As French musician Clara Luciani presents the video for her new song Saint-Victoire, here on AnOther, we meet its director – the typically Parisian Alma Jodorowsky
Alma Jodorowsky couldn’t be more typically Parisian: a brunette with a fringed bob, thick eyebrows and a penchant for “marinière” striped jumpers and jeans, she has a deep voice and a relaxed demeanour. She laughs off the epithet of “It girl”, so often used in fashion circles when a pretty young girl catches the public’s attention. “I don’t take it too seriously,” she says, dismissing the subject. After all, Jodorowsky keeps a low profile, feeling more at home watching Billy Wilder films than attending industry parties, and more interested in writing song lyrics than modelling. As such, the versatile French artist and ambassador for Chanel is forging her own path – even if her high-profile bloodline includes paternal grandfather Alejandro Jodorowsky, the cult filmmaker, novelist and comic book writer.
While Jodorowsky says that she didn’t have much of a relationship with him, she does appear to have inherited his ability to traverse a multitude of art forms. At 27, Jodorowsky – one of Chanel’s current global ambassadors – has already tried her hand at acting, pop music and directing and lately confesses to being interested in writing. “I always wanted to be an actress, though, since I can remember,” she says, following parents Brontis Jodorowsky and Valérie Crouzet (both are household names on the French stage). As a child, she would accompany them on tour, before attending the unconventional École Decroly school in the Parisian suburb of Montreuil – “discovering things by yourself and becoming enterprising was more important than traditional grades,” she says – before studying theatre at the Conservatoire de Paris.
“I think my interest in exploring different art forms is not so much mimicking my family, but a discovery process,” Jodorowsky says. “I also think it’s quite a generational thing. The creative market is not as accessible to young people as it used to be, and projects don’t just fall into your lap, so it’s up to you to get out there, and find more different ways you can tell a story.”
After parts in Eyes Find Eyes (2011) and Sea, No Sex & Sun (2012), Jodorowsky secured a role in Abdellatif Kechiche’s Blue Is the Warmest Colour and, later, in the British film Kids in Love alongside Will Poulter, Sebastian de Souza and Cara Delevingne. All the while, she modelled (posing, among others, for Karl Lagerfeld’s La Petite Veste Noire book in 2012) and composed, sang and played keyboards as one half of dream-pop band Burning Peacocks with David Baudart. “It was then that I first became interested in filmmaking. Directing our videos seemed like a natural extension of our songs,” she says. “I was telling the same story as with the music, with different tools.” Her references are varied, ranging from the films of Jacques Demy (“Peau D’Ane changed my life,” she says) to Truffaut, Godard, Éric Rohmer and Elia Kazan. Film is, she says, the most complete art form, “because it encompasses acting, music, visual expression, writing…”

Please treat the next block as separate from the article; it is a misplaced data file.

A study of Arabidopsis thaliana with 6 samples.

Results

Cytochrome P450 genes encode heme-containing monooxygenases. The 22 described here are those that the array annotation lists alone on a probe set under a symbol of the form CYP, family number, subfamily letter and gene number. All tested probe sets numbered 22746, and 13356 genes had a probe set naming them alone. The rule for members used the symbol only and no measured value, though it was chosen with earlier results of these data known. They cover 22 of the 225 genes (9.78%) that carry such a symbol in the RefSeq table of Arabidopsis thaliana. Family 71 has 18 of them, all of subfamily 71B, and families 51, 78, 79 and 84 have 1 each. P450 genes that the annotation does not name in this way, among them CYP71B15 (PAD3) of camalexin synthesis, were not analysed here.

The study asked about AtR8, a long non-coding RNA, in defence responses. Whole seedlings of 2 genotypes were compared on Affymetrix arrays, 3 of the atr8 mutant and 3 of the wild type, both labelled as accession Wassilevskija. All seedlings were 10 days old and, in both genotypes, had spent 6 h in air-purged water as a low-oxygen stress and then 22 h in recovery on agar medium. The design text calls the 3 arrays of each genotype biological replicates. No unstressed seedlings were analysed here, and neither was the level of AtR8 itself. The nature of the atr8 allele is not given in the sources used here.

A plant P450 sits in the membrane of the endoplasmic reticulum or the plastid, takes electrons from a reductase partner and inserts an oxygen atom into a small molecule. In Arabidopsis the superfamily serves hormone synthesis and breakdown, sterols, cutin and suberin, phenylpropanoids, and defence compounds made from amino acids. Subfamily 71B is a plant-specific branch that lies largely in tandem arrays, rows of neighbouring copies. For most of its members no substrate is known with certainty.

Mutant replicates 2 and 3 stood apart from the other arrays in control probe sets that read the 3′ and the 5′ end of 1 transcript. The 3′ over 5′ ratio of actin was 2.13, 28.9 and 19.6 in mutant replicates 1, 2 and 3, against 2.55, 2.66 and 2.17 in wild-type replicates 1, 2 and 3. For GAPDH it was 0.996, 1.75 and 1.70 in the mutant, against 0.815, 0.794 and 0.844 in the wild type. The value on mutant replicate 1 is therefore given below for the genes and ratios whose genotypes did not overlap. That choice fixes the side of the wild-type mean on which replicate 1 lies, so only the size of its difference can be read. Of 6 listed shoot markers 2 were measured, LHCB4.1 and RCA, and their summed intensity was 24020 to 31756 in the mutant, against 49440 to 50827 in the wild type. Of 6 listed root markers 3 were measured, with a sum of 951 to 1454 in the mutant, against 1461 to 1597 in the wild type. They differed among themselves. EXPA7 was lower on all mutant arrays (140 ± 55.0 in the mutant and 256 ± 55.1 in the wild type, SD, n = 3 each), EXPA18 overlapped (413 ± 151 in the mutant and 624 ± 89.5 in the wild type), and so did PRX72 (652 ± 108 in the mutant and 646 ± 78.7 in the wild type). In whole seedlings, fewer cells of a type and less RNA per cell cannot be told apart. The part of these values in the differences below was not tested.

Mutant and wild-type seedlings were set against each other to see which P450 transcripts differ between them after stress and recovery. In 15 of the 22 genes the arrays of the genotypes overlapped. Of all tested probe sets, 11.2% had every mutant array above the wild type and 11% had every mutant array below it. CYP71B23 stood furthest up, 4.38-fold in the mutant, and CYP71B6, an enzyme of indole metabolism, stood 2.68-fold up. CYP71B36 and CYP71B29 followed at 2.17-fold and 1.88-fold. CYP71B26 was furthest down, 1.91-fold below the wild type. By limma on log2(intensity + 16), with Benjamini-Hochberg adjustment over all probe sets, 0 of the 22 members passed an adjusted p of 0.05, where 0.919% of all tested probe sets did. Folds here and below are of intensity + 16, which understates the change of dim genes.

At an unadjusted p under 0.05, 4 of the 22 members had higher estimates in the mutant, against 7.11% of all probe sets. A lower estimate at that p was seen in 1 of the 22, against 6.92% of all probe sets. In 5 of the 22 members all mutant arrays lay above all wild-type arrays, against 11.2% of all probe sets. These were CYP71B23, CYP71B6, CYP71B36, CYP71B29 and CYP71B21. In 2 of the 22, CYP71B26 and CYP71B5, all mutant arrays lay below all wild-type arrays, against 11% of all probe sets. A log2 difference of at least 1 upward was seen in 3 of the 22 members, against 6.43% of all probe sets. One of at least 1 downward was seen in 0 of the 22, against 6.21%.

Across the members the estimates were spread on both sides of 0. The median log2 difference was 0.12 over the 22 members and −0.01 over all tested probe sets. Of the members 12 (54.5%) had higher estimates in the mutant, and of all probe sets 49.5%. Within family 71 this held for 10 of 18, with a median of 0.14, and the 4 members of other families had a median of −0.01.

So when she was offered the chance to direct the video for French musician Clara Luciani’s song Sainte-Victoire a few months ago, she jumped at it. “I was really excited to contribute to another musician’s vision, and Luciani’s album has been incredibly influential in the current French pop scene,” she says. Marseille-born Luciani launched her first solo album a year ago, revealing a flair for lyrics and music that has since sparked comparisons with chanson legends like Barbara or Françoise Hardy. In Sainte-Victoire, the themes of Madonna-like suffering and overcoming heartbreak are explored and, behind the camera, Jodorowsky delivers visuals reminiscent of David Lynch – “I used the concept of doppelgängers as a metaphor of using weakness as a strength and embracing the dark sides of your inner self to know yourself better,” she says – and Orson Welles (via a very Lady from Shanghai-esque mirror scene).
Jodorowsky enjoyed the process, “so much so that I’m currently working on two more projects,” she laughs. One of them is a video for Corine, France’s latest up-and-coming disco pop talent; the other, a short film that is still in the writing stages. Meanwhile, Jodorowsky hasn’t forgotten her first love. “I’m playing the lead role in Marc Collin’s newest film, Le Choc du Futur, as an electro music pioneer in the 1970s,” she says – another chance for the multi-disciplinarian to play with several creative expressions simultaneously.